A rationalized tax regime—that’s the topmost expectation by digital currency players and exchanges alike for Union Budget 2023. India’s Finance Minister Nirmala Sitharaman presented the Union Budget for the financial year 2023-24 on February 1. The question is will the government change its existing taxation policy? Or will their tough stance on virtual digital assets (VDAs) come in the way?
What’s the status quo?
During last year’s budget, the government showed its intention to introduce taxation for digital currency and VDAs. This taxation would be a part of the Income Tax act under Section 115BBH. How does this system work?
Summarizing the government’s intent, Dileep Seinberg, founder of neobank MuffinPay, explained, “The government made it very clear that it does not intend to leave any financial transaction out of the taxation regime. If there is any financial dealing taking place, the government is likely to earn some revenue in form of tax, as clarified by the finance minister last year.”
Currently, a flat 30% tax is levied only on the profits earned from digital currency trading. Investors are also expected to pay an applicable surcharge and a cess worth 4%.
Additionally, investors will not be able to forgo taxes on profits earned if they have incurred a loss on another digital asset. Simply put, each asset would be treated isolatedly.
Having implemented this taxation system, the Indian government revealed an interesting statistic in December 2022. Accordingly, it collected a whopping Rs.60.46 crore from VDA-based transactions starting July 1.
Why the heavy taxation?
According to Rajagopal Menon, Vice President of WazirX, “The Indian government has taken a cautious approach towards the cryptocurrency industry. This is primarily due to concerns raised by the Reserve Bank of India (RBI) about its potential to cause financial instability. The 30% tax on income from cryptocurrency sales is in line with taxes on other forms of income such as lottery winnings.”
Along with financial instability, the government had expressed concerns about creating a parallel economy through digital currency. Frauds and illicit terror funding were also cited as concerns against digital currency trading. And in order to tackle them, the central bank digital currency (CBDC) was introduced into the system as a pilot project, and the Reserve Bank of India is now testing its efficacy.
Simply put, two elements were introduced into the country’s financial system as safety nets against digital currency—taxation and CBDC. But both tools have made it difficult for investors to profit from digital currency trading.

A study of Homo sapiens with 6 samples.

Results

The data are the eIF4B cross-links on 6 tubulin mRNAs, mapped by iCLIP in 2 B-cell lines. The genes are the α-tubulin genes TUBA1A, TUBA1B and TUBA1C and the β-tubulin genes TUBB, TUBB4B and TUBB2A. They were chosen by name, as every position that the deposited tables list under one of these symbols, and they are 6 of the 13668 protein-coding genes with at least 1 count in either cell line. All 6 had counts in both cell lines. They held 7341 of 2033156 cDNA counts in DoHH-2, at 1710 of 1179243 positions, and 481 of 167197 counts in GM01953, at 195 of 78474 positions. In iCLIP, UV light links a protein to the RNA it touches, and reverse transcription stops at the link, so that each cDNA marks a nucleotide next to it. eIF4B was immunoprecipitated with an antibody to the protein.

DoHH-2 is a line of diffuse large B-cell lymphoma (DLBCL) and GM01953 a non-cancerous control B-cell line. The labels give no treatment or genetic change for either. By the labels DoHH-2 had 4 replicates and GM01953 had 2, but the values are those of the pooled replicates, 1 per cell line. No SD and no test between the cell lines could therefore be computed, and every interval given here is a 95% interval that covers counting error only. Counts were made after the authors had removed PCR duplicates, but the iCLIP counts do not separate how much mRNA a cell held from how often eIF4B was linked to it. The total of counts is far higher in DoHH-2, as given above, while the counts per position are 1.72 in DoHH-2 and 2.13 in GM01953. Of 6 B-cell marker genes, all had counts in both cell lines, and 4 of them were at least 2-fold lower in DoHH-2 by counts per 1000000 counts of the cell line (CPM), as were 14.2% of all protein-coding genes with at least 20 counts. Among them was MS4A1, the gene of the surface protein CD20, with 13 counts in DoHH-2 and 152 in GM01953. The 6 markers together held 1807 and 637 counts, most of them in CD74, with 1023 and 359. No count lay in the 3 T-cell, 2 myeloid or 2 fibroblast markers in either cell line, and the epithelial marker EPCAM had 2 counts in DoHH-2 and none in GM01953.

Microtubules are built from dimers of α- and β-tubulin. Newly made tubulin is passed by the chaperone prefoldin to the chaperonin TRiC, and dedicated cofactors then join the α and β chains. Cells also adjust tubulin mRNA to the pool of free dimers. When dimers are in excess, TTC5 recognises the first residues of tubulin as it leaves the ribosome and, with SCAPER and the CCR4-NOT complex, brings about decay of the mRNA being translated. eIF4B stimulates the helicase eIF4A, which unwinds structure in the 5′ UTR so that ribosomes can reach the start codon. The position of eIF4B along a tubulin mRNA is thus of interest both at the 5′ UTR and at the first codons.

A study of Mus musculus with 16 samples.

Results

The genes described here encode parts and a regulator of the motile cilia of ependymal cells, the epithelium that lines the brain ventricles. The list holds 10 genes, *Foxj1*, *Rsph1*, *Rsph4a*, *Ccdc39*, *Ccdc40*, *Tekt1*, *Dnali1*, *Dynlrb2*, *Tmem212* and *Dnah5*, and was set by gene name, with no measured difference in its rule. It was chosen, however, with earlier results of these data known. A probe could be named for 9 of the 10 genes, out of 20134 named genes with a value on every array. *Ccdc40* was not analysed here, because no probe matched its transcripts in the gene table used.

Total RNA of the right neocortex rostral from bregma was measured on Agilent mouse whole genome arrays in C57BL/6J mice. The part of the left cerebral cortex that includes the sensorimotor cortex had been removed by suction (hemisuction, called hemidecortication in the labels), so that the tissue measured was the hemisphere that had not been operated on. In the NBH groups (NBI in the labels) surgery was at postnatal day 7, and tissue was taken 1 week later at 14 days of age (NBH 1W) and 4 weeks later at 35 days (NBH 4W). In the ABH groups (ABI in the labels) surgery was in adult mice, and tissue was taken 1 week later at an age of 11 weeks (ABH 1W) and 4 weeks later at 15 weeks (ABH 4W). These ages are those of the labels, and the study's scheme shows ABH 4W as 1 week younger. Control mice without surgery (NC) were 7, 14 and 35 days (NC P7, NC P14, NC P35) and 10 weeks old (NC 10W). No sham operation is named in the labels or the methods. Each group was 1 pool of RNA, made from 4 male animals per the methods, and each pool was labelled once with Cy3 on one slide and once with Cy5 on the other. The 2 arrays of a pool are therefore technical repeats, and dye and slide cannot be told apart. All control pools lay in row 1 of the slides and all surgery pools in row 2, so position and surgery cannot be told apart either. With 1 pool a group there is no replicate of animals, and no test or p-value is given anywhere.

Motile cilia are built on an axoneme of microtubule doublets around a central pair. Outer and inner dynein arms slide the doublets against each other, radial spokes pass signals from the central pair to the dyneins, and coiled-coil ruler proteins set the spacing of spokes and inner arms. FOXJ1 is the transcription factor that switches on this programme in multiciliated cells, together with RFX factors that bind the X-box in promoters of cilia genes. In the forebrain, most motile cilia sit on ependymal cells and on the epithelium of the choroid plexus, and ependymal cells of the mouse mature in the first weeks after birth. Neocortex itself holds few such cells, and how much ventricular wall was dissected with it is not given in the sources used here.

“The lack of setoff from losses, however, makes it difficult for traders. Additionally, the 1% TDS deduction by the buyer from the amount owed to the seller has decreased the capital of day traders and short-term investors. The government aims to track crypto investors who may not be declaring their crypto assets when filing their tax returns,” Menon explained.
Expectations from Budget 2023
Experts from each industry have expressed their expectations from this year’s budget, and digital currency experts are no exception.
Primarily, there are two expectations or, better yet, requests for the union government. The first relates to TDS, while the second has more to do with regulations surrounding VDA and digital currencies.
“Notably, through our representation for the upcoming Union Budget 2023 – 2024, we have suggested that the rate of TDS be brought down to 0.01%. This lower rate will help Indian VDA businesses offer competitive prices to VDA users and protect them from exposure to unregulated foreign exchanges,” CoinDCX co-founder and CEO Sumit Gupta said.
Seinberg, on the other hand, believed the reduction in digital currency taxation is a far cry. Even then, he stated that, “The reduction in taxation on VDAs is highly unlikely as the government has not made its stance on the crypto assets clear yet. Apart from this, the government has made a significant amount of revenue from crypto taxation. However, the government may and should announce some rationalization of the 1% TDS levied on crypto trades. There has been a demand to take it down to 0.01%. Let’s see what the finance minister announces during her speech.”
In addition to a reduction in TDS, the digital currency industry wants the government to declare digital asset as “regulated” or “centralized.” Only then can regulations governing the asset be introduced and followed by the industry.
Menon expressed a similar opinion by reiterating, “There is an urgent need in India for clear and consistent regulations governing the crypto industry. This entails classifying cryptocurrency as a regulated asset class. Cryptos, like securities, should be classified as a suitable asset class.”
“The tax slabs and set-off benefits applicable to securities as an asset class should also apply to crypto assets. Securities are classified as an asset class based on their risk, with products ranging from low-risk government bonds to high-risk derivatives. As a result, cryptos must be properly classified and regulated so that investors can understand the risks and invest accordingly,” he stated.
Expectations may be justified, but given RBI’s opposing stance to digital currency, these demands had been sidelined during the Budget 2023 announcement.
Watch: India is ripe for decentralization
New to Bitcoin? Check out CoinGeek’s Bitcoin for Beginners section, the ultimate resource guide to learn more about Bitcoin—as originally envisioned by Satoshi Nakamoto—and blockchain.